Whipple-Blown, Stock-Engine 2018 Mustang Busts Into The Nines!

Lately the addition of boost unlocked the hidden potential of the stock Gen 3 Coyote engine as it put down amazing numbers on the drag strip and the chassis dyno. Now Lund Racing has pushed a stock 2018 Mustang engine into the 9-second zone with a Whipple Superchargers Gen 5 supercharger system.

We’ll keep pushing the stock engine and transmission to their limits… — Jon Lund Jr., Lund Racing

“We chose the Whipple unit for our R&D vehicle because we knew throttle calibration with that larger throttle would need some in-house driveability testing and we wanted to really refine it and we did a centrifugal on our 2015 and liked it, but it required a converter to be competitive,” Jon Lund Jr., Lead Calibrator at Lund Racing, explained. “We knew the positive-displacement supercharger would work well with the tight stock converter right out of the gate for track testing!”

With nothing more than a Gen5 Whipple supercharger pushing 13.5 pounds of boost atop its stock engine, this 2018 Mustang ran a 9.8-second quarter mile at 144 MPH on E85. The engine and trans are stock and the car simply has the mods (see sidebar) to fuel, withstand, and hook the boosted power. (Photo Credit: Lund Racing)

While a lot of the company’s recent calibration exploits have benefitted turbo combos, the concepts aren’t that much different when applied to its in-house supercharger combo.

“Honestly, the general principles of tuning haven’t changed,” he said of tuning the blower. “Obviously there’s different driveability characteristics that have to be accounted for and we adjust for those. We also tweak the cam timing differently for positive-displacement supercharger versus turbo. Aside from those items, the transmission calibration is the same.”

In practice the results were pretty impressive. The Lund crew chipped away at the car’s elapsed time by progressing from low 10s on 93-octane pump gas to 10-flat on a mix of pump gas and MS109 race fuel to a best of 9.64 at 146 on pure corn.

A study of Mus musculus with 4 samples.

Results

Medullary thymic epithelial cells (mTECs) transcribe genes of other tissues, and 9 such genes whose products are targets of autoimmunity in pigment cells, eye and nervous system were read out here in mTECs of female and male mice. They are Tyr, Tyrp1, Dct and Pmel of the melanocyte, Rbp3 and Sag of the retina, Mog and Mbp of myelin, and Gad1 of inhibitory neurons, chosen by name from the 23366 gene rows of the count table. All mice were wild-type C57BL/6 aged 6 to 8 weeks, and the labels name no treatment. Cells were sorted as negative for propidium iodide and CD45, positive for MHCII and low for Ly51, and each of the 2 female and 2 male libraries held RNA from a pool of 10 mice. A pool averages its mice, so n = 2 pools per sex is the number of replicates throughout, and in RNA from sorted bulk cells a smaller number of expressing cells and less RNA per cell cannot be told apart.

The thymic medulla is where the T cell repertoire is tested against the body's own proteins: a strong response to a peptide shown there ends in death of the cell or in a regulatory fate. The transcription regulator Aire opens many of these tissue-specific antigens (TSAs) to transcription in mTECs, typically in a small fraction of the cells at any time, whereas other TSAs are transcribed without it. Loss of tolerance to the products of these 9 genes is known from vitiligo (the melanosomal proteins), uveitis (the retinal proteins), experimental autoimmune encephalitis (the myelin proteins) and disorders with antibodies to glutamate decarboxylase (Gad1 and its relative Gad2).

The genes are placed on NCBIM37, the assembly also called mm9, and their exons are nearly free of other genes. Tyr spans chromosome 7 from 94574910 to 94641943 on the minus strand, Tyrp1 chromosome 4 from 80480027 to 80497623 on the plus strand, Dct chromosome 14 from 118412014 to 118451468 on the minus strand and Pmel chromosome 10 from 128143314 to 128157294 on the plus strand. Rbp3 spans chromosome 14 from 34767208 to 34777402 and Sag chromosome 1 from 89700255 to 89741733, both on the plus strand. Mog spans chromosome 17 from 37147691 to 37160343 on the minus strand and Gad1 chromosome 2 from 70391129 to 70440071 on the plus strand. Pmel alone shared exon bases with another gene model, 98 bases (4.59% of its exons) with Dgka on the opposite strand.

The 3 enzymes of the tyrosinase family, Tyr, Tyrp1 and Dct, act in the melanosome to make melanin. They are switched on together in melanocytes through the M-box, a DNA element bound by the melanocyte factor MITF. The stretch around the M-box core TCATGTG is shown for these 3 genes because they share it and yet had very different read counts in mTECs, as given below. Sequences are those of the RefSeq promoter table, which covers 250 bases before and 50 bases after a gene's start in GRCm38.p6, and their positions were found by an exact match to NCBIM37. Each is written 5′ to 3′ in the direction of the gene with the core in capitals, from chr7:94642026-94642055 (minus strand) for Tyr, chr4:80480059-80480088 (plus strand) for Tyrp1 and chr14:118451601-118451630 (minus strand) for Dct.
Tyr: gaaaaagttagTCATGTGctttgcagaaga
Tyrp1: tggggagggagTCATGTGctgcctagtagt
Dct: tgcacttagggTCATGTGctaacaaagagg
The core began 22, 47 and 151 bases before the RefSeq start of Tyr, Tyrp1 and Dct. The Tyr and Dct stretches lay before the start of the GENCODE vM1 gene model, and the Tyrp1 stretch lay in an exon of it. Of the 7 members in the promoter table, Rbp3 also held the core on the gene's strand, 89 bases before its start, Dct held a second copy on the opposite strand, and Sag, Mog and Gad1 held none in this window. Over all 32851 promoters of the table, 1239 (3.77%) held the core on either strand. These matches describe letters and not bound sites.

“These engines are just flat-out impressive and this blower did an awesome job at performing,” the Lund Racing crew enthused after its 9.64-second pass.

“One of our calibrators, Dakota Deck, was ‘The Stig’ in the car and he said the car felt awesome on both the 9.8 and 9.6 passes,” Jon said. “He’s got a Whipple-supercharged 2012 Boss 302 that’s making over 800 rear-wheel horsepower and it’s no slouch, but the said the 10R80 in this car makes it seem so much quicker due to being able to stay in the powerband more efficiently.”

While the Gen 3 Coyote definitely a beast, that 10R80 10-speed automatic transmission is definitely the common denominator among the most potent drag-strip 2018 Mustangs. This one in particular hasn’t hit the wall yet, as these numbers were run in the heat with relatively low boost.

“We think we can probably go up in boost 3-4 more PSI safely,” Jon said. “We’re pushing around 13.5 now on the 3.625-inch pulley. We think in better air with a 3.5 pulley we could see low 9s and possibly touch 150 MPH trap as it sits.”

Beyond better air and more boost, this is still a development car, so the Lund Racing team plans to explore where few have gone so far. While most just upgrade the port injection side, there are likely some advantages to leaning on the direct-injection side of the dual-fuel system more heavily.

9-Second 2018 Mustang Mods

• Corsa cat-back exhaust

• DeatschWerks DW400 fuel pump

• G-Force 850-horsepower axles

• G-Force 3.5-inch aluminum driveshaft

• Injector Dynamics ID1050x port injectors

JMS FuelMax fuel pump voltage booster

• Kooks long-tube headers

Mickey Thompson ET Street R tires

• UPR Products oil separator

Weld Racing wheels

• Whipple Gen 5 3.0-liter supercharger

“We will probably do some high-pressure pump upgrade testing with XtremeDI next to see what more direct-injection blend will help with power,” Jon added. “Regardless, it’s staying a street car and we’ll keep pushing the stock engine and transmission to their limits.”

Sound like this Whipple-blown 2018 Mustang might just have a few tricks left up its sleeve.


Steve Turner

Steve Turner brings decades of passion and knowledge in the world of Ford performance, having covered it for over 20 years. From the swan song of the Fox Mustang to the birth of the Coyote, Steve had a front-row seat.